February 15, 2007

Oromo: Health Care Programme Promoted

Through an outreach programme, UNICEF provides vital health care to women and children in Oromia and surrounding regions in Ethiopia.

Below is an article published by UN News Service:
                                                   
A child survival initiative backed by the United Nations Children’s Fund (UNICEF) has provided millions of youngsters and almost 1 million pregnant women in Ethiopia – where two out of every five people have no access to vital health care services – with life-saving treatments, thanks to a boost in funding.

The Enhanced Outreach Strategy programme, which provides low cost and high-impact survival interventions for children and women, received almost $1 million in funding from the European Union to help people in four regions: Tigray, Oromia, Amhara and the Southern Nations, Nationalities and Peoples’ Region.

Between October and December of last year, over five million children between six and 59 months of age in those areas benefited from vitamin-A supplements and nearly the same number received de-worming treatments. Around 5.2 million youngsters were screened for malnutrition and referred to the targeted supplementary food project of the UN World Food Programme (WFP). In addition to children, more than 800,000 pregnant and lactating women have benefited from the Strategy, which has also provided nutritional guidance.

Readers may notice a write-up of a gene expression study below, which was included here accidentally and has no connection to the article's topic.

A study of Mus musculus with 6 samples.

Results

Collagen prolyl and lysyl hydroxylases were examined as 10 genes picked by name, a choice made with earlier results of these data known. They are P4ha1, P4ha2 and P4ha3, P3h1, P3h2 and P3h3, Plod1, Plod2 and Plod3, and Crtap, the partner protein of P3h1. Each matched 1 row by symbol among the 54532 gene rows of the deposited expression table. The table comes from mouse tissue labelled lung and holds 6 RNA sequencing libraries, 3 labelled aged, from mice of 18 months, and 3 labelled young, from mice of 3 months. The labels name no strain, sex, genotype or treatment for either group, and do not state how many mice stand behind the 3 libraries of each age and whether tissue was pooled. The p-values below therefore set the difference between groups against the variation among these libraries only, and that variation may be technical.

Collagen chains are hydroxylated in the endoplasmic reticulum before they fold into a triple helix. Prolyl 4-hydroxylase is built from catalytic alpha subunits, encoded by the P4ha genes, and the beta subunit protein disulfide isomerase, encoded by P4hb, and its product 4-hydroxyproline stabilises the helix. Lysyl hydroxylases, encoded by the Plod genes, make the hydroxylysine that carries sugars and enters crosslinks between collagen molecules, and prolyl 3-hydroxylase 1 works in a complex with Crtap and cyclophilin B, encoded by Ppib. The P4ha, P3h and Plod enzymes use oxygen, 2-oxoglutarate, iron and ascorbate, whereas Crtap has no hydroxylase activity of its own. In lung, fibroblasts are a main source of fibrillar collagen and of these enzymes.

By the end of June, it is predicted that a further 6 million children and 1.2 million women will receive assistance in these areas thanks to the Strategy.

“It is only through the continued support from our partners that UNICEF can provide vital materials and expertise to help millions of children grow into healthy adults,” said Sylvie Chamois, the agency’s Project Officer in Ethiopia, where one out of six children die before reaching their sixth birthday.

In the largest project of its kind, every six months UNICEF provides almost 7 million children and 1.6 million women with six services: vaccination, micronutrient supplementation, de-worming, malaria nets and malnutrition screening. The recent surge in funding from the European Union has accelerated the number of people the Strategy’s assistance is reaching.

Two regional Emergency Nutrition Coordination Units, which monitor nutrition trends and coordinate emergency responses as necessary, will be reinforced and two new facilities built with funds from the EU donation.

UNICEF said the Strategy is extremely effective towards achieving the Millennium Development Goals (MDGs), a set of targets that aim to deal with a host of social ills – including reducing child mortality – by 2015.